Ah, the joys of being an Episcopal priest in the Bible Belt. Never shall its thrill wane, I suspect.
The latest wave of joy springs from a conversation with a man who works closely with me in ministry under the aegis our local Episcopal parish. He and I both have a good friend who is a kind of “missionary,” among many kinds of missionaries in East Texas. (Surely we in East Texas boast the highest per capita density of missionaries in the US.)
Our friend finds it objectionable and offensive that our Episcopal Church has no foreign missions pastor or committee or budget.
At a certain level, that makes sense. After all, I too grew up in an evangelical, Bible Belt culture. I vividly remember the first time I ever put money into an offering plate at my family’s Bible church: two silver dollars, after a slide-show missionary presentation, to support a missionary working on the other side of the globe.
However, there are many good reasons why Episcopal Churches, in the main, do not have these kinds of structures. Today I mention only two: historical consciousness and global communion.
First, historical consciousness. Ever wondered why most Roman Catholic churches in American don’t have “missions pastors?” Maybe it has something to do with the fact that they don’t see themselves as the “Mother Ship” of their church, which after all was established 2000 years in Rome. And I’m not referring to Rome, Texas.
American Roman Catholic churches see themselves as the mission field, themselves as the result of missionary efforts (from the other side of the Atlantic, not to it). The real missionary control center of the Catholic Church is in Rome, or perhaps in the headquarters / cathedral of each diocese, but not at the local church. Only American evangelicals (and some mainline Protestant liberals) see America as the Mother Ship, the sending center from which the conversion of the heathen issues forth.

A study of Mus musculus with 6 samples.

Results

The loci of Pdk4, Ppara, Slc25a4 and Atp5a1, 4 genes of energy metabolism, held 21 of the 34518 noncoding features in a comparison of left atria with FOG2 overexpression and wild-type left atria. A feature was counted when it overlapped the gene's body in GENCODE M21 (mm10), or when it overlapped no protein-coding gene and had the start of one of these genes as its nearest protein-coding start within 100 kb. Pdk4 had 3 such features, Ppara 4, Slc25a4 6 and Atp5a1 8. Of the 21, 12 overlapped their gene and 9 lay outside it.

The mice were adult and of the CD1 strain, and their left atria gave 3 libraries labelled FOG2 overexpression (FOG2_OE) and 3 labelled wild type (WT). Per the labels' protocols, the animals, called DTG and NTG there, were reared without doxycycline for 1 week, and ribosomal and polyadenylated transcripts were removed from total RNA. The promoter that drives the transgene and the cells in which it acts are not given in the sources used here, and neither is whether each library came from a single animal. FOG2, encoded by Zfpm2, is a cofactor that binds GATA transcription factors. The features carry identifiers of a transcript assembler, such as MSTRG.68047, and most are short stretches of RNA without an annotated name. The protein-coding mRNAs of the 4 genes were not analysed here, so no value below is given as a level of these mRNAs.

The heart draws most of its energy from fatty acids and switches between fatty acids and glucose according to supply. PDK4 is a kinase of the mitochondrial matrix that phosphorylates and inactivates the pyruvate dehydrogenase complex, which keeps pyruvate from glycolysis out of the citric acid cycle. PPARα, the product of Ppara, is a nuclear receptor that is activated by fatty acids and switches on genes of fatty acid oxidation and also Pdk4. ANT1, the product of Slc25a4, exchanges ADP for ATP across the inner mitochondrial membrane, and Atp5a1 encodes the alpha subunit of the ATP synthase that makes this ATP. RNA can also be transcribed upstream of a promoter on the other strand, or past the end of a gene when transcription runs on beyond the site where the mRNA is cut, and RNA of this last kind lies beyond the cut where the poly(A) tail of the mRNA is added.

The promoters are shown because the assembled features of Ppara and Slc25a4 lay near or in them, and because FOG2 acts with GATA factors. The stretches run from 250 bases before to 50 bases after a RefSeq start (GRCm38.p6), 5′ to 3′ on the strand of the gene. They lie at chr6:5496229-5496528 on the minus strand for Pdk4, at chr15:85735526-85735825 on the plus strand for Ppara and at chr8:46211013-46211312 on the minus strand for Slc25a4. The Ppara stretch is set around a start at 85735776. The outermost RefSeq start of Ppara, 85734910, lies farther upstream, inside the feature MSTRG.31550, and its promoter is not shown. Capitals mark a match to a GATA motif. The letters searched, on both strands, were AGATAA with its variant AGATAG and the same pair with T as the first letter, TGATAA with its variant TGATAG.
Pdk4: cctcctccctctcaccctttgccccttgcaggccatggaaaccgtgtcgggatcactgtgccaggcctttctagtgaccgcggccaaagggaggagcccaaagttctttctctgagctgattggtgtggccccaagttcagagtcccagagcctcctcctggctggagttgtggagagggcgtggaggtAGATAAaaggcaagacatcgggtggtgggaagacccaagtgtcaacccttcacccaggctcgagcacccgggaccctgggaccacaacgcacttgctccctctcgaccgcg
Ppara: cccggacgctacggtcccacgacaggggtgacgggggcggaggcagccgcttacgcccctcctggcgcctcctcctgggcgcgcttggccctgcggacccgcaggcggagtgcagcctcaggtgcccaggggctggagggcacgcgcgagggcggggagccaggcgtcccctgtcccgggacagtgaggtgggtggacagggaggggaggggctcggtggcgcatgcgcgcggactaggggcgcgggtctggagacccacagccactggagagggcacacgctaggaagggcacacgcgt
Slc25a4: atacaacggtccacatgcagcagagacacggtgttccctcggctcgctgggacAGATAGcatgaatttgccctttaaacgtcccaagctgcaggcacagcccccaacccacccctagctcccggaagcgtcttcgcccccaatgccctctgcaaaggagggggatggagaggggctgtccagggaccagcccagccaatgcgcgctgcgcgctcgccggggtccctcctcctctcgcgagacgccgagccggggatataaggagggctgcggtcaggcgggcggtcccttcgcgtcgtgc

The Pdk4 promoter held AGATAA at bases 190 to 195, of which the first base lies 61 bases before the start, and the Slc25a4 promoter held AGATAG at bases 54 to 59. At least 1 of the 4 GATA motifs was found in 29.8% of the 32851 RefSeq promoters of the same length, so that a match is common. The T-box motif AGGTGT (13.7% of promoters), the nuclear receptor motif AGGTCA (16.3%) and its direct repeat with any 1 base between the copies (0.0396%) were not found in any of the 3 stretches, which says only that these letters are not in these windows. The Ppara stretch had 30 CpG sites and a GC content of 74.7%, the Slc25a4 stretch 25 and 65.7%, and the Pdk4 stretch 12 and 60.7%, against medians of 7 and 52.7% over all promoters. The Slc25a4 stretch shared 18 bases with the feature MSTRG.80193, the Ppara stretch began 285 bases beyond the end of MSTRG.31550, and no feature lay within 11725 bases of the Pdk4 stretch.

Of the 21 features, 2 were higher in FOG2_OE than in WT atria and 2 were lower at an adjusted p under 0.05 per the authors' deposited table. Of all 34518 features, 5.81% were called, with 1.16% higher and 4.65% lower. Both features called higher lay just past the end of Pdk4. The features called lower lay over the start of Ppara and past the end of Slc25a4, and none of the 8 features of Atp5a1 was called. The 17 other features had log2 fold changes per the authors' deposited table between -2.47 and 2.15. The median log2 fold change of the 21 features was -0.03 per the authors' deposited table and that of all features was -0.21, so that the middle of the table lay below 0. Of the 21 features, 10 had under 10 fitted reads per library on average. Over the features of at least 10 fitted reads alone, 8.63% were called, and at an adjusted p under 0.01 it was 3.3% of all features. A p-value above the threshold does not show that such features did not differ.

Secondly, and related, global communion. How does one explain the shocking and horrendous fact that virtually no American Episcopal Church raises up and sends missionaries to, for example, Nigeria? Maybe it is because Nigeria has 25,000,000 Anglicans who love and worship Jesus. That’s more than twelve times the amount in the states. And while the numbers vary, similar things could be said about Japan, the Middle East, and Asia.
The American Episcopal Church is one of 38 global Anglican provinces, among whom are numbered the Church of Kenya, the Church of Australia, the Church of the Southern Cone in South America. Should we be sending missionaries to those countries? In the main the Anglican tradition has answered questions like this in the negative. In fact, historically Anglicans have refused to send missionaries to lands that already have a Christian presence. (So for example, there have never been Anglican missionaries in Russia.)
To my mind, there are two fundamentally different ways of being Christian. There is the American Evangelical way (based in many assumptions which are typically American), and there is the historical catholic way (with many habits, convictions, and quirks rooted in the past). This issue of foreign missions is a case in point.